From the sublime to the ridiculous
John Nichols of The Nation and The Capital Times showed he’s lost all sense of proportion with this ridiculous tweet today:
— John Nichols (@NicholsUprising) August 28, 2013
Want to have a protest in DC? You might want to get a permit. We know it probably feels like an infringement of your rights in some ways, and some groups have had success with non-permitted protests in the city, but dealing with the police bureaucracy and getting a permit will help make your event a lot less stressful on the day of. 9/12/12: Apologies that some of the MPD sites are not functioning – they are currently changing their website and we will update as soon as they do.
When do you need a permit? Protests of 25 people or more on the National Mall require a permit, as does any event that requires streets to be closed. The Metropolitan Police, because they lost an important court case, are required to allow permit-less marches in the street as long as they stay within a single lane. Demonstrations on public sidewalks are legally permissable without a permit so long as they don’t block the walkway and fewer than 100 people are expected. If expecting more than 100 people, you can find the permit application at theMetropolitan Police Department’s Get a Permit for a Special Event page. Sidewalks are supposedly public property, but some activists have experienced severe police harassment for protesting outside of private businesses.
What’s the process? Police officials require very specific details about stages, speakers, tents, food, and potential for violence or counter-protests. They will help you to work out the details over a series of meetings, and permits rarely get denied in DC. However, it is best to start early since permits are allocated on a first-come, first-serve basis and DC is a popular place to protest.
Who do you talk to? Our city has a lot of different law enforcement groups with different jurisdictions, and the permit process is different depending on where your protest is going to be held.
- For protests on or around the Capitol Buildings, you need to apply for a permit with the Capitol Police. They say to apply at least five days in advance of your activity to guarantee processing, but to allow up to 2 weeks if applying by snail mail. This page on the Capitol Police web site has a map of the Capitol grounds, plus guidelines for permitted activities and steps to get a permit and contact information for the Capitol Police Special Events Unit. For more information, you can also call (202) 224-8891.
- For protests in one of the many parks around the city, including the National Mall, you’ll need to get in touch with the National Park Service. Events with a lot of equipment, sound amplification, food, or participants can require a month or more for the entire permitting process with the NPS, so start early! This page has contact information for the National Park Service Division of Park Programs, as well as instructions for applying. Please note that all applications, unless determined to be a First Amendment activity, must be accompanied by a $50.00 payment for initial processing. This office is open Monday through Friday from 8:00 A.M. until 4:00 P.M., holidays excepted. Call 202-245-4715 to obtain additional information.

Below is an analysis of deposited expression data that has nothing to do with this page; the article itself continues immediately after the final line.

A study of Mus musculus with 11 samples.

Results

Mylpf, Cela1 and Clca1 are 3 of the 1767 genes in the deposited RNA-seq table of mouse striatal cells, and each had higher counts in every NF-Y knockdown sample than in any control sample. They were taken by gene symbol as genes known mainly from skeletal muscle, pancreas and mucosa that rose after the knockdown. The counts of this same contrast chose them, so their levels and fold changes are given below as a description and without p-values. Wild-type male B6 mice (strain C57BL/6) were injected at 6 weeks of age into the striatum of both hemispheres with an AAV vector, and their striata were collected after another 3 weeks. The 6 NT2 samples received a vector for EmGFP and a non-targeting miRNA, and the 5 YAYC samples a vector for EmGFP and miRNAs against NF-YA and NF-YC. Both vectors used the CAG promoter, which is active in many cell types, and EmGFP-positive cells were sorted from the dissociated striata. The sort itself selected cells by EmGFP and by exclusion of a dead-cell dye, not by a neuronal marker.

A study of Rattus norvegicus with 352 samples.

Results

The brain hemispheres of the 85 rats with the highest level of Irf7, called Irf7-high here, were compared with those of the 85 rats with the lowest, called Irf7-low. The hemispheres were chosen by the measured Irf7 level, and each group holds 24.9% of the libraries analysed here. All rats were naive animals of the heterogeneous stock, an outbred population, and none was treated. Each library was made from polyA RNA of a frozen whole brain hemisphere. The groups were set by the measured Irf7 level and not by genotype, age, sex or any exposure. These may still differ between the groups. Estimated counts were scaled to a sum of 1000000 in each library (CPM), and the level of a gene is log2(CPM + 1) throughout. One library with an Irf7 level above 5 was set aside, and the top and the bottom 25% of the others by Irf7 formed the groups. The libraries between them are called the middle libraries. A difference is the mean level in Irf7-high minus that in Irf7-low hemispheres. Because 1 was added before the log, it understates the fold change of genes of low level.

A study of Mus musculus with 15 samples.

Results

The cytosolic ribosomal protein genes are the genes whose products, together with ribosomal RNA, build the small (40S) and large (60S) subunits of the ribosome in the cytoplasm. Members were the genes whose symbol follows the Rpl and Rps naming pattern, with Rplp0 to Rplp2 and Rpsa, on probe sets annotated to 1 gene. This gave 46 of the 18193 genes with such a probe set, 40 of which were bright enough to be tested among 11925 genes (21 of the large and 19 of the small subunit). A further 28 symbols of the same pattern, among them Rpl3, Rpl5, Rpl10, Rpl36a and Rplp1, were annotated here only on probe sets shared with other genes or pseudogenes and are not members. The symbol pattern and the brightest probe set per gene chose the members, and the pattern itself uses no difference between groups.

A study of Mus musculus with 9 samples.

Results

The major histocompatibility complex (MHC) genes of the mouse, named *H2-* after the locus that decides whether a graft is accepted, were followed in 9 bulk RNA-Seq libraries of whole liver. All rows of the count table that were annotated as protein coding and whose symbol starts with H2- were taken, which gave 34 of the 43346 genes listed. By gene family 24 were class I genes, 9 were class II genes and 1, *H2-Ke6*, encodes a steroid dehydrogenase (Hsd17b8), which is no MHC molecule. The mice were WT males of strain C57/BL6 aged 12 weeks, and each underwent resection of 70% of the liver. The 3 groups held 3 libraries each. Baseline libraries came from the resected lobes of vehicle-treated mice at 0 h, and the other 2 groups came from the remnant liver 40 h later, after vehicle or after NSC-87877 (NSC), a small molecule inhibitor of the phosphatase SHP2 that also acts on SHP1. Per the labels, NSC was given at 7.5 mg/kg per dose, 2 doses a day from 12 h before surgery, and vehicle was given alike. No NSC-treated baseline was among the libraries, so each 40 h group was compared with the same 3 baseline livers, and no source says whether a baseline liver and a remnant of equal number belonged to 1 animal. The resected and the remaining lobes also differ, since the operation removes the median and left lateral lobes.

And this from the National Park Service:
The National Mall and Memorial Parks Division of Permits Management, located at 900 Ohio Drive SW, Washington DC 20024, issues approximately 3,000 permits per year, including those for public gatherings (special events and demonstrations), and filming and photography. The permit system is intended to help assure, to the extent possible, that the multitude of activities that may be taking place on any given day will not conflict with each other or with general visitor activities.
Park areas administered by this office include National Mall and Memorial Parks, President’s Park, Rock Creek Park, National Capital Parks-East, George Washington Memorial Parkway, Manassas National Battlefield Park, Wolf Trap National Park for the Performing Arts, Prince William Forest Park, and the portion of Chesapeake and Ohio Canal National Historical Park from Georgetown to the Monocacy River Aqueduct. Note that some of these listed parks may directly issue certain permits. Please refer to the attached document link titled “How and where to apply for specific types of permits” to determine what office you should contact for your particular permit needs.
Please note that all applications, unless determined to be a First Amendment activity, must be accompanied by a $50.00 payment for initial processing. The application processing cost represents the average costs incurred by the park in mailing, distribution and initial review of applications to make sure the information supplied is sufficient to inform a decision. Payment of application costs may be in the form of check, money order, or credit card. As of July 15, 2013 the cost for application will increase. Please read the Increase in Application Cost Recovery document. (pdf).
Who knew the Obama Administration was run by a bunch of fascists? Perhaps they should take away his Nobel Peace Prize.
By the way, if you want to watch Marty Beil getting arrested, the MacIver Institute has the video. And let’s face it, who doesn’t want to see Marty Beil arrested? I know I’m looking forward to Beil’s “Letters from a Madison Buffet.”
So, will Beil submit the receipt for the fine to his union to pay, or will he be a man and pay it himself? Silly me, of course he’ll have the union members pay his bill for him.